PACSA Monthly Food Price Barometer Report
According to Pietermaritzburg Agency for Community Social Action (PACSA), inflation on the PACSA Food Basket has decreased in February 2017. But it is too soon to tell whether this drop signals the start of a general downward trend in food prices for 2017, or whether it is just a slight decrease after Christmas highs.
In their monthly report, PACSA Monthly Food Price Barometer for February 2017, PACSA said that the uncertainty around inflation and how it affects the PACSA food basket’s Rand-value “remain a serious concern in a context where currently low-income families struggle to afford their basic goods and services; and have to compromise their nutritional food intake and go into debt to cover food shortfalls.” Furthermore, “This concern is heightened because the annual increments on grants have now been set – at below inflationary levels – and workers will still have to wait to see what their annual increases will be,” continues PACSA in the report.
February 2017 saw the prices of all the foods in the ‘big food’ category coming down (maize meal, white sugar and cooking oil, etc). It will take another month or two to confirm that this signals a general downward trend in these core staple foods as not all supermarkets dropped their prices.
A downward trend in the prices of these ‘big foods’ is important because their combined cost takes up 30% (a substantial portion) of the monthly food expenditure of low-income households; and must be secured every month for basic energy and enable meals to be cooked. The prices of the ‘big foods’ is thus critical as it determines how much money is remaining to secure dietary diversity on the plate (that is balanced nutrition of meats, fish, eggs, dairy and vegetables for health and well-being).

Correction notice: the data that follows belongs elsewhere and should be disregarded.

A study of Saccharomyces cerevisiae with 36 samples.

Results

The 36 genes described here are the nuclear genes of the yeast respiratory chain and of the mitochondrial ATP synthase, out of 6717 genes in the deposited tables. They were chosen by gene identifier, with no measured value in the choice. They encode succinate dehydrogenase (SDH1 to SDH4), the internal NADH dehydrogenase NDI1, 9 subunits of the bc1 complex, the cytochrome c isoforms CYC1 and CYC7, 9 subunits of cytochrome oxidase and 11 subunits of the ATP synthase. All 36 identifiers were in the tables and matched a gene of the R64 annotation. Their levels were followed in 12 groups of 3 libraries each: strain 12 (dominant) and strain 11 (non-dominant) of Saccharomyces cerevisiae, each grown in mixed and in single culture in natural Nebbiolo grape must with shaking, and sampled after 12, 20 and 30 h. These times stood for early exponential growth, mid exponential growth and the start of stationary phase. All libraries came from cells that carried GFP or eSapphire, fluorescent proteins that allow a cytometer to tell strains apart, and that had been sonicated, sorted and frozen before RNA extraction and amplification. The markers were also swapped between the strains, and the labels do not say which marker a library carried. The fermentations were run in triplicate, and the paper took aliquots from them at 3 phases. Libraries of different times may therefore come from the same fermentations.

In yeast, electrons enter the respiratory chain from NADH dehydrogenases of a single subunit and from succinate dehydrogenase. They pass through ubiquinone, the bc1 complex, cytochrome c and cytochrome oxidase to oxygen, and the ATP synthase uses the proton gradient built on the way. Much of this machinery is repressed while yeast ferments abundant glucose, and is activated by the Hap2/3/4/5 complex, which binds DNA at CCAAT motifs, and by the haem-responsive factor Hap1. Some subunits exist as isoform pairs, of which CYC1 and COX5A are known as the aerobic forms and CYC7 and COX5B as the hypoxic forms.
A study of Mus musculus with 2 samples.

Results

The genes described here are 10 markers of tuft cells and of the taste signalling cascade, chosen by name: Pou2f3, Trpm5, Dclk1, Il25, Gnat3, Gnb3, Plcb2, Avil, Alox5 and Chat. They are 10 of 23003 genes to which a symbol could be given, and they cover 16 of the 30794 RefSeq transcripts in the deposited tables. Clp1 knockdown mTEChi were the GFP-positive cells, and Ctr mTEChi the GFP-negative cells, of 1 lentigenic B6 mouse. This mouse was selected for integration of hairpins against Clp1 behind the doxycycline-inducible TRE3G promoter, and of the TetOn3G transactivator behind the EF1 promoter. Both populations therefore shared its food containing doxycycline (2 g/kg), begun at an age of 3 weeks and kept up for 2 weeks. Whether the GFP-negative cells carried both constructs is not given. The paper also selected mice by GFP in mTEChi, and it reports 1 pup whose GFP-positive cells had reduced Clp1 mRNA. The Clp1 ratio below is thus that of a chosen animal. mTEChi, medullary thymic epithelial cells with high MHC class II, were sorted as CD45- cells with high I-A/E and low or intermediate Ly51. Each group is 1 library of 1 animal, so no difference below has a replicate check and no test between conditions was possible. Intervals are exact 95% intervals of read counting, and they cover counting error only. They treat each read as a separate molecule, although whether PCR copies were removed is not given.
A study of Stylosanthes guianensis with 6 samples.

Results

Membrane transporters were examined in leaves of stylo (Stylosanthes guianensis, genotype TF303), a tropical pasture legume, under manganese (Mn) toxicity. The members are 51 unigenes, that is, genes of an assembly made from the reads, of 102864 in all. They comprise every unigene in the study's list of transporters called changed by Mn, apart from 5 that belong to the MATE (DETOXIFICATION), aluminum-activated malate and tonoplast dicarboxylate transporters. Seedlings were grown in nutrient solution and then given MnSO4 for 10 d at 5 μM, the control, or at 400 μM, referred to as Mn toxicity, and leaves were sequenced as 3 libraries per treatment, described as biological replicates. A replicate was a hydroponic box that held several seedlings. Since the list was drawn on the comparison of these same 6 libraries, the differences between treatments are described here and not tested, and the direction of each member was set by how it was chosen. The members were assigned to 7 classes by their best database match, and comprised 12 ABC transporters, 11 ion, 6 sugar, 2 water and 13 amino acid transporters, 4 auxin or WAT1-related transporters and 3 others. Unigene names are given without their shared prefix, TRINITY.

Minister Gordhan, in the 2017 Budget, announced that in April 2017, the Child Support Grant would be increased by R20 (5.56%) to R380 and the old-age pension by R90 (5.96%) to R1 600 per month. The annual increments came in lower than the January year on year rates of Headline inflation (6.6%) and even lower than the 11.4% in the CPI Food & Non-Alcoholic Beverages index (this index is important because it provides a more accurate measure of inflationary pressures faced by low-income families as grants are primarily used to secure food.
Below inflation increases on already far too low social grants will undermine the ability of millions of South Africa’s low-income families to secure proper nutritional food this year; and will further undermine all other investments in health, education and economic growth. Investment is required at the front-end of our economy – directly in the pockets of the majority of low-income families – so that all other investments on the support and supply side of our economy can bear fruit.
For the more detailed and insightful PACSA Monthly Food Price Barometer Report (February 2017), visit www.pacsa.org.za.